Tuesday, July 21, 2009


About twenty years ago I was approached by the official of the Colorado Historical Society who oversaw the roadside historic marker program here in Colorado. He was interested in placing a new roadside marker in southeast Colorado along a road near the town of Springfield in Baca County to commemorate the large quantity of rock art in the area and wanted to borrow a number of pictures of rock art in the area to choose from. Since the nearest large concentration of rock art there is in Picture Canyon many of the images I submitted came from there. A number of others were generally from around southeastern Colorado.

In due course the pictures were returned to me and I was told that the project was in a planning stage and that I would learn more later. A short time later this employee left the Colorado Historical Society and I subsequently heard nothing else about the project.

Roadside historic marker rock art panel.

In 2008 the Colorado Historical Society hired a new State Historian, Mr. William Convery. I had since been elected to the board of directors of the Colorado Historical Society and I was in a Programs Committee meeting with Mr. Convery when he brought up the Roadside Marker program. I mentioned my experience and he generously offered to check the files and see what he could find out. Shortly thereafter I received the attached picture from him showing two of my photos and the text of the rock art historic marker that had, in fact, been created and emplaced.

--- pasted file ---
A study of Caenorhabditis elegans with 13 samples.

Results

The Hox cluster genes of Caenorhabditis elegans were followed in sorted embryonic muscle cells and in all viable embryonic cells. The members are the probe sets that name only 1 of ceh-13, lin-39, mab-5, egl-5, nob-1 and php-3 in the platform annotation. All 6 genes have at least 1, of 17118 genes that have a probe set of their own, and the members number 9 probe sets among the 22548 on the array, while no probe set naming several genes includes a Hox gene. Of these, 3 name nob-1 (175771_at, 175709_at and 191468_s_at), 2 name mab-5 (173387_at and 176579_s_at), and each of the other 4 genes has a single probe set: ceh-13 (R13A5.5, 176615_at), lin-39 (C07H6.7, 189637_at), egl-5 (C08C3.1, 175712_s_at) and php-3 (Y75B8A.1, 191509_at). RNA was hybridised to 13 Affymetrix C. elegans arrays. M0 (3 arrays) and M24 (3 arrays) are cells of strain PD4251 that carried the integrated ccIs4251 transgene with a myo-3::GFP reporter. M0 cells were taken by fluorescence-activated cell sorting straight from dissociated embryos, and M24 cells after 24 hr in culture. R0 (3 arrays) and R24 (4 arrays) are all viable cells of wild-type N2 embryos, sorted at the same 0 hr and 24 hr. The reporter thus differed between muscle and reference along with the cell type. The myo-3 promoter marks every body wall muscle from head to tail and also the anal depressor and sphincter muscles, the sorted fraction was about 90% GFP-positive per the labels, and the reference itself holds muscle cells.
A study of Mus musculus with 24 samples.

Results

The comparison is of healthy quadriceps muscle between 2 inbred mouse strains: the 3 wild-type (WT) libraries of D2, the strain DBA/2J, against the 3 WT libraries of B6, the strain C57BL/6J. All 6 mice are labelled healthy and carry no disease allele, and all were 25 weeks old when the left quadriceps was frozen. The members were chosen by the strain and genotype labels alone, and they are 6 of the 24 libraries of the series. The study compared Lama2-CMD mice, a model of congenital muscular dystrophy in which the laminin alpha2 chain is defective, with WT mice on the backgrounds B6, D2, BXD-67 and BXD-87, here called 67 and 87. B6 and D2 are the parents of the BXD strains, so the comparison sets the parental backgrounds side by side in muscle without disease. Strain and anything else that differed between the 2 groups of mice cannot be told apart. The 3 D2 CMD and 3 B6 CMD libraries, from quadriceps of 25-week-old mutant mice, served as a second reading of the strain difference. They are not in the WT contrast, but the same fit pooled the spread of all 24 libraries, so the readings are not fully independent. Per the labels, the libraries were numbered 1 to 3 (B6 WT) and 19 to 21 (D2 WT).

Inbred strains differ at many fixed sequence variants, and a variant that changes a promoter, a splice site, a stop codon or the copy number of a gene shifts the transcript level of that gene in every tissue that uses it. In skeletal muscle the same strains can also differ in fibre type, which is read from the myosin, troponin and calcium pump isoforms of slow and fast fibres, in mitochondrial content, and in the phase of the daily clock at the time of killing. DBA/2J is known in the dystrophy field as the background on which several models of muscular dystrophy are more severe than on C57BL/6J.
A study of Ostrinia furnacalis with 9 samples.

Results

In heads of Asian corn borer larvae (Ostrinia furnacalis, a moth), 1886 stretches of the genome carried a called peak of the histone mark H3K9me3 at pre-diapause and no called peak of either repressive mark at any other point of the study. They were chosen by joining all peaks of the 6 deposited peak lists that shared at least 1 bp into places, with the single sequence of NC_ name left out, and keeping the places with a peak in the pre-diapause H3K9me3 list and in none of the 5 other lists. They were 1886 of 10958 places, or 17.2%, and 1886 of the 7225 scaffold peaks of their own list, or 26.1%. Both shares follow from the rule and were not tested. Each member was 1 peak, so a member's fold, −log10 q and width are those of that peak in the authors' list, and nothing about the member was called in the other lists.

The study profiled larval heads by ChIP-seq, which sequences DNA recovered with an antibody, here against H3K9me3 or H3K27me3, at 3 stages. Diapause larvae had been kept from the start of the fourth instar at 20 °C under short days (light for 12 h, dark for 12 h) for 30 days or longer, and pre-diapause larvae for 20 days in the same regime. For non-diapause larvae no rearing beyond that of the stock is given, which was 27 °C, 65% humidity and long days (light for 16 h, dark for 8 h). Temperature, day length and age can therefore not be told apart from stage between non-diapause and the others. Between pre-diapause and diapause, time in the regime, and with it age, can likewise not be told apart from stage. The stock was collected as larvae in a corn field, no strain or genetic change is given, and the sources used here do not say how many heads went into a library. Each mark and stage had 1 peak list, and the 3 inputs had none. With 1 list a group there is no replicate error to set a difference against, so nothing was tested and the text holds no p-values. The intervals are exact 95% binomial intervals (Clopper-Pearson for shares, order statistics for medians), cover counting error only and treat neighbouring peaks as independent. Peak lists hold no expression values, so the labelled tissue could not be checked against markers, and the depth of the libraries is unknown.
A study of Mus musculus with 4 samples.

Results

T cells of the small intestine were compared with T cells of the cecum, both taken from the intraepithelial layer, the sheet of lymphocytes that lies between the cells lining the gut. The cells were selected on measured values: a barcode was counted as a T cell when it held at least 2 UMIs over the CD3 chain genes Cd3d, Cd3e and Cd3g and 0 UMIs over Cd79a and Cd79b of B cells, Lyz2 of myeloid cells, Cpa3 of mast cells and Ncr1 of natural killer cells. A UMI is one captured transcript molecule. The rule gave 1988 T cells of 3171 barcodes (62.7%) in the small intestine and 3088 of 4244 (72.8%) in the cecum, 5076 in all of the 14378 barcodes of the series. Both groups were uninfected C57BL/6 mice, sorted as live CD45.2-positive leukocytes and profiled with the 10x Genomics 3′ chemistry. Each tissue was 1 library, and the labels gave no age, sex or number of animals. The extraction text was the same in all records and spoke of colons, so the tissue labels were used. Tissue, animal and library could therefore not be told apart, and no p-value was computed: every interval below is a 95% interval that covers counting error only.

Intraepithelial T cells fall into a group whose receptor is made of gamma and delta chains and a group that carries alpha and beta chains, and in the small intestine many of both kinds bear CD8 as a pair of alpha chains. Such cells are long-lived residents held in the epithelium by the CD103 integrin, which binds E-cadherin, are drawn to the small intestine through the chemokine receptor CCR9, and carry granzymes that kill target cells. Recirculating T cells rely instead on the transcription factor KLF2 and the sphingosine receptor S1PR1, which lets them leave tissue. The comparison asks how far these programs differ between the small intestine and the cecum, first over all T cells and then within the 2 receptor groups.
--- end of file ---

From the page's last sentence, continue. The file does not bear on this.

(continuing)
The text about rock art that had been written for the marker reads:

“Judging from the sheer volume of rock art in this area, prehistoric Baca County was well traveled. Ancient inhabitants chalked and chiseled thousands of images on cliffs and boulders, leaving a fascinating record of the past. The petroglyphs (carved figures) and pictographs (painted ones) depict everything from humans and animals to abstract constellations of swirls, lines and dots. Rock art may have been left for any number of reasons: to mark trails, to record legends or events, to delineate hunting grounds or territorial boundaries, or to keep track of seasons. Ranging from a few thousand to a few hundred years old, the symbols are at once foreign and familiar; though their specific meaning is lost their humanity is timeless.

By sorting rock art images according to age and style, archaeologists can speculate about migration patterns, religious beliefs, and lifeways of ancient Coloradoans. The oldest etchings, dating to about 2,500 B.C., are nearly unreadable patterns of dots and dashes. Later glyphs contain more recognizable forms, though their meanings remain uncertain. According to local legend, some figures (including one in Picture Canyon) were used to mark the equinoxes. Unfortunately, Colorado’s rock art has degraded over time because of weathering and vandalism. Even well-intentioned visitors often damage images by touching them or taking rubbings. Though various measures have been explored to protect this fragile heritage, much of the rock art in southern Colorado has seriously deteriorated, not only greatly decreasing the odds of conclusive interpretation, but also of their survival”.
. . . . Text by Larry Borosky.

The dust bowl panel.

A second panel on the marker was devoted to the area’s history during the dust bowl and was illustrated with Colorado Historical Society file photographs.

I now think of this as my own personal monument to rock art. I have yet to actually see it in person, but it is highly satisfying to know it is there.

1 comment:

  1. That is an amazing story about the roadside marker after 20 years.
    Congratulations! It seems to me like such a rare and unique contribution.
    Hopefully one day soon you can see it in person.